Yesterday, I felt a little drained, tired and fearful. It was good that Ellen had to reschedule her interview last night to Saturday. After shining so brilliantly the day before, it seemed that I retreated from the light.
I recognized this and held back on my activities, especially online communications, and trusted that the mood would pass. Sure enough, towards the end of the afternoon, I began to feel lighter again and by the end of the day, I could feel my energy levels rebuilding.
I had a tremendous Dragon Spirit session that evening where I gained crystal clear clarity on the direction in which I am to grow my practice.
The waxing and waning of my energy made me wonder if it is a natural thing to feel a little deflated the next day. Did I expend so much energy that I was just physically tired? Or, did I see my brilliance and what I was capable of and reacted in fear? Was it the fear that left me feeling tired?
Interesting to ponder, as this morning, I awoke feeling rejuvenated and joyful, and full of love and optimism. Yet, I had gone to bed late that evening and according to physical measures, I should have been feeling very tired.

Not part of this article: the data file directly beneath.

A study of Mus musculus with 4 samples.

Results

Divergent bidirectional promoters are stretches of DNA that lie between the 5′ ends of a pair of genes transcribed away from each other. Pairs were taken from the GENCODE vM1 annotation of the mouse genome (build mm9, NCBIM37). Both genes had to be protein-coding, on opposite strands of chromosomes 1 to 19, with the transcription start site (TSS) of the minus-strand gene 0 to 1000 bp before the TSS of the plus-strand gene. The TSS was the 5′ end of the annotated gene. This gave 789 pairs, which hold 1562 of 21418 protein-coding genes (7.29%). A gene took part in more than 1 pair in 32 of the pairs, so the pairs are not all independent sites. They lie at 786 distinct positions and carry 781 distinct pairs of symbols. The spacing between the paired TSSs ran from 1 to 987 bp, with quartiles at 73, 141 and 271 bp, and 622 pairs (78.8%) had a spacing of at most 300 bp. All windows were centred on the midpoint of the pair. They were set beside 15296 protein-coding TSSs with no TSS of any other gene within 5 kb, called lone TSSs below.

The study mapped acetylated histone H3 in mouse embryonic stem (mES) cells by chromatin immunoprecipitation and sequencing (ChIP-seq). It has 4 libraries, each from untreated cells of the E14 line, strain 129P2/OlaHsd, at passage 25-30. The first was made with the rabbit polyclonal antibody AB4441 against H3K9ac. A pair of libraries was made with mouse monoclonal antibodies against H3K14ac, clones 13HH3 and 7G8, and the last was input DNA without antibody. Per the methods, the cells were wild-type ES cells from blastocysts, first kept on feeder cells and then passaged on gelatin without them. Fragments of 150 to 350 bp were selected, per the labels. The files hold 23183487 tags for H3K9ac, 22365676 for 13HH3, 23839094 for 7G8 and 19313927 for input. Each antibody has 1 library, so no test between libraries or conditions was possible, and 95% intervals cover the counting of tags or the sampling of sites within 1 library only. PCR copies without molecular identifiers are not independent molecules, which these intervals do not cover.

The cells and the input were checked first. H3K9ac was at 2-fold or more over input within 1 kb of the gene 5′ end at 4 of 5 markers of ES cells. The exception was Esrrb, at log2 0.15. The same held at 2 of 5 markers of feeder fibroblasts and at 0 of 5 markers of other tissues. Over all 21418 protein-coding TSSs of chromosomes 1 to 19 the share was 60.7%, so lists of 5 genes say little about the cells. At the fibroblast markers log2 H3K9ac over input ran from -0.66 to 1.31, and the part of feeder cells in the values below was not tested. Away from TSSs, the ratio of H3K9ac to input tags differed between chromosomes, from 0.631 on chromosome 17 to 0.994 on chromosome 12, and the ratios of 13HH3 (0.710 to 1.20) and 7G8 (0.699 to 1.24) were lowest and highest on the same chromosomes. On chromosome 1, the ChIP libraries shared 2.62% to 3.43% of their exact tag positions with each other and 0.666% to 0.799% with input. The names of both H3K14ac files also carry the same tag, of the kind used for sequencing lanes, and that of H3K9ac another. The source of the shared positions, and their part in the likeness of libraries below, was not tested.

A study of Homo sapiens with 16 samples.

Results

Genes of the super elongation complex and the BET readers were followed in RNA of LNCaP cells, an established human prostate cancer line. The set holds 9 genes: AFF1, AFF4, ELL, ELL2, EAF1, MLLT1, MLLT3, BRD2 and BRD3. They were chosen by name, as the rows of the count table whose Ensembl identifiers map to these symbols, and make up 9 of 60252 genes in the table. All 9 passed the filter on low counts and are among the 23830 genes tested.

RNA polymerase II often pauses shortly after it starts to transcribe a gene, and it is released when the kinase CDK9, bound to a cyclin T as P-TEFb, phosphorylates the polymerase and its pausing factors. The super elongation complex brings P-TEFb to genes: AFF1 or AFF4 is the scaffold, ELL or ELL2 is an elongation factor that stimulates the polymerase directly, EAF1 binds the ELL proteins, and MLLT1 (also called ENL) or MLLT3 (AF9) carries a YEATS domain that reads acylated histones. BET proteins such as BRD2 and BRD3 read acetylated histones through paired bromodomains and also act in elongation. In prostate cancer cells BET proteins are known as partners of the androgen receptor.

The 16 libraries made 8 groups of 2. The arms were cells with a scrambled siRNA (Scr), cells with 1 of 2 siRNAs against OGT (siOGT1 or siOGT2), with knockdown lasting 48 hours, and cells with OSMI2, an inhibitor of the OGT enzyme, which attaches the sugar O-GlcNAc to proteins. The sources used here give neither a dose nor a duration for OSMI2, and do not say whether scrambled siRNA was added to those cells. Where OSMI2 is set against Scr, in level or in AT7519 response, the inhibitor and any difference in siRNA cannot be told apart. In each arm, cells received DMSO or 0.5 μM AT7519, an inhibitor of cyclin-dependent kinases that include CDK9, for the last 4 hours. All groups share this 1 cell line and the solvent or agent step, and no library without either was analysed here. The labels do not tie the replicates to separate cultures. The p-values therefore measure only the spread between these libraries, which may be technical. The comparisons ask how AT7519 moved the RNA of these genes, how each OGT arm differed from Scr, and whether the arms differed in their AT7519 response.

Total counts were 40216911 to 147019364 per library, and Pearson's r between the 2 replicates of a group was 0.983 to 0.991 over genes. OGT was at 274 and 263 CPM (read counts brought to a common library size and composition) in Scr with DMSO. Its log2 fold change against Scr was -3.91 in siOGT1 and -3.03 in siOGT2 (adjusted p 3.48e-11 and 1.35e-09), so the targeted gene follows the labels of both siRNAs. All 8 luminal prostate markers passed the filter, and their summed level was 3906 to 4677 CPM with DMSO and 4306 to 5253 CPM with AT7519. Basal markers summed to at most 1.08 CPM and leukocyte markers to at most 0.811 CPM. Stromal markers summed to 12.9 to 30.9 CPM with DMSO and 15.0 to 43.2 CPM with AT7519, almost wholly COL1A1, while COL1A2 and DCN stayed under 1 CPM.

Marielle Smith suggested that it’s natural to have cycles of energy and to recognize and appreciate them. During the waning phase, just relax, recharge and rest. There is much wisdom to this advice.
I can’t help but notice though that I follow a pattern where great success is followed by a contraction of energy. In other words, two steps forward, one step back. Does everyone experience this? Is this the natural cycle?
When I feel I am stepping back, I literally step back and do nothing. Action from a state of blah-ness results in blah-ness at best, or a complete disaster, such as the plastic knob that opens up the back of your MacBook snapping off and thus, making it extremely difficult to remove the battery for a memory fix and hard drive upgrade. Yes, that happened about a month ago :).
I am blessed with being able to move through foul moods very rapidly. If you tend to get stuck in the blues, I’d highly recommend reading, “The Astonishing Power of Emotions” by Abraham-Hicks.
It’s a little “woo woo” as Annie Lin would say, but it provides really brilliant examples of common situations and how to change your thought patterns to feel better in a very short timeframe.